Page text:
By Shannon Anderson, author of Mindset Power: A Kid’s Guide to Growing Better Every Day
The warmer months are filled with new things growing in nature, time off from school to pursue interests, and opportunities for camps, classes, sports, and other activities. This being, summer is the ideal time to encourage kids to try new things.
As kids learn new things, they are bound to make mistakes. So summer is also the perfect time to help kids develop a growth mindset. A growth mindset is the belief that you can gain new skills with instruction, practice, and time. As adults, we can help kids see that making mistakes and learning from them is just part of the process of mastering a skill.
Here are some ways to encourage learning and growth mindset thinking this summer.
1. Grow Fruits or Vegetables
Growing your own food is a fantastic way to bond as a family, teach plant life cycles, and help kids appreciate where their food comes from. And if you’ve ever tried to grow something, you also know that it can be challenging to keep up with the weeding, watering, and harvesting involved. There may be pests to outwit, and sometimes the weather works against you.
But despite the challenges, growing fruits and vegetables teaches many important life lessons, not the least of these being that we reap what we sow. For example, if you don’t water your strawberries, you probably won’t get any. If you don’t pull the weeds, they’ll likely choke out delicate seedlings. Your kids will get to see the fruits of their labors during the harvest and will build endurance and patience as they “grow” through the season. They will witness how their efforts connect directly with the success of their plants, and they’ll experience joy and pride in seeing their hard work in the beans, bell peppers, and berries they get to enjoy and share with others.
2. Get Cooking
With fresh fruits and vegetables aplenty in the summer months, it’s a great time for kids to learn the art of cooking. From preparing nutritious meals to baking delicious desserts, kids can practice many math and problem-solving skills as they cook. When following a recipe, it is important for kids to pay attention to details and follow directions. Think of all the work it takes to figure out the ingredients needed, shop for the items in the correct amounts, and ensure you have the proper equipment and know how to use it.
You can have kids work backward from dinnertime to figure out how long it will take to prepare and cook the food so it’s ready at the right time. There are many opportunities to learn from mistakes and rework a recipe that didn’t turn out as expected. You can also encourage kids to try to create their own recipes. They can use the experience they gained making other dishes to figure out new flavor combinations and create new foods.
3. Get Creative
During the school year, it may be harder for kids to find time to explore things like art, music, drama, photography, poetry, or dance. These activities promote creativity and help kids learn the value of practice. Another beautiful thing about these activities is that kids learn how to turn a mistake into something delightful. After all, Bob Ross did say that mistakes are only “happy little accidents.” On the canvas, a drip of paint can be turned into a flower. On the stage or the dance floor, a stumble becomes part of the act.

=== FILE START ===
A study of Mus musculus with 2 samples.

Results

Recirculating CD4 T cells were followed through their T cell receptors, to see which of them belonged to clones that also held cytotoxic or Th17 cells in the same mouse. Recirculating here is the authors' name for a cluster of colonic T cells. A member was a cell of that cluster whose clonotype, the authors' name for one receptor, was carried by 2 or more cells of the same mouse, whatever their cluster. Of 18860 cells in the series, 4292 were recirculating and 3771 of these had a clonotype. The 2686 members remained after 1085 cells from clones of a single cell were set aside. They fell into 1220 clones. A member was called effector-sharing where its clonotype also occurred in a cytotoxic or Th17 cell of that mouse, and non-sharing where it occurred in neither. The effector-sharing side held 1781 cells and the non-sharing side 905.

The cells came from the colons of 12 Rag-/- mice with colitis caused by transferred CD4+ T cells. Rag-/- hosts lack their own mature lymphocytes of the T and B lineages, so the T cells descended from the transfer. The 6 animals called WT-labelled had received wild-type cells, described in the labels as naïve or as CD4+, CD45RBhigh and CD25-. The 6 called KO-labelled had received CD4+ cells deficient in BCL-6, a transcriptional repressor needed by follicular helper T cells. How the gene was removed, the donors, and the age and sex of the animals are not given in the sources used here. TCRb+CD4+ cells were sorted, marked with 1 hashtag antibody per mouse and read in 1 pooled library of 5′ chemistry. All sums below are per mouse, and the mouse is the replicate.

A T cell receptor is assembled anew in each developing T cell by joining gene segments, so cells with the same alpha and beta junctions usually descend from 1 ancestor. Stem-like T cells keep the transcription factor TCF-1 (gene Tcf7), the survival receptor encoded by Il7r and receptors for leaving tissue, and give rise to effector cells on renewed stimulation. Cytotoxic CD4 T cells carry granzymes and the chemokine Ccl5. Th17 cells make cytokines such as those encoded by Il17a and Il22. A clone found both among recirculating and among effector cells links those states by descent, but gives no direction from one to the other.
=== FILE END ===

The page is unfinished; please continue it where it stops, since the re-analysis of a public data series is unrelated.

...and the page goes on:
Taking creative risks also builds confidence and helps kids use other parts of their brain. If lessons in a creative area are not available locally, try looking online or search for camps and summer workshops in your area. You might also head to the library to check out books for self-study at home. Once your child learns a song, paints a picture, crochets a hat, or masters a dance, think of ways they can share their work with family and friends. It is fun to celebrate both the progress and the finished product. When your child gains enough confidence and skill, they may even want to teach someone else.
4. Get Moving
With nicer weather and more time, why not get out and enjoy the summer season with a new movement activity? Kids could commit to walking daily with the family dog or a friend, sign up and train for a 5K, take up bike riding, buy a skateboard, or learn to play tennis. All these activities are good for you physically and mentally.
Some sports or recreational activities require learning how to build up endurance or mastering new equipment or rules. They also help kids learn sportsmanship, perseverance, and patience. Kids will see themselves progress over time as they practice. And, of course, these are fun ways to enjoy the outdoors and learn a new skill you can enjoy for many years to come.
What would your child enjoy learning or exploring this summer? Start by brainstorming a list of all the things they might be interested in. From there, research what kids need to do to make those things happen. When kids have some agency in deciding what they’d like to pursue, they are more motivated to persevere past mistakes and more likely to enjoy the ride. Whatever you do, my wish for you is a wonderful summer of learning, creating, and fun!
Shannon Anderson has taught for 25 years, from first grade through college level. Her career highlight was being named one of the Top 10 Teachers who inspired the Today Show. Shannon is also the author of many children’s books and a national speaker. She was named the JC Runyon Person of the Year for her work helping kids with social and emotional issues through her writing and speaking. To find out more, you can visit: shannoisteaching.com.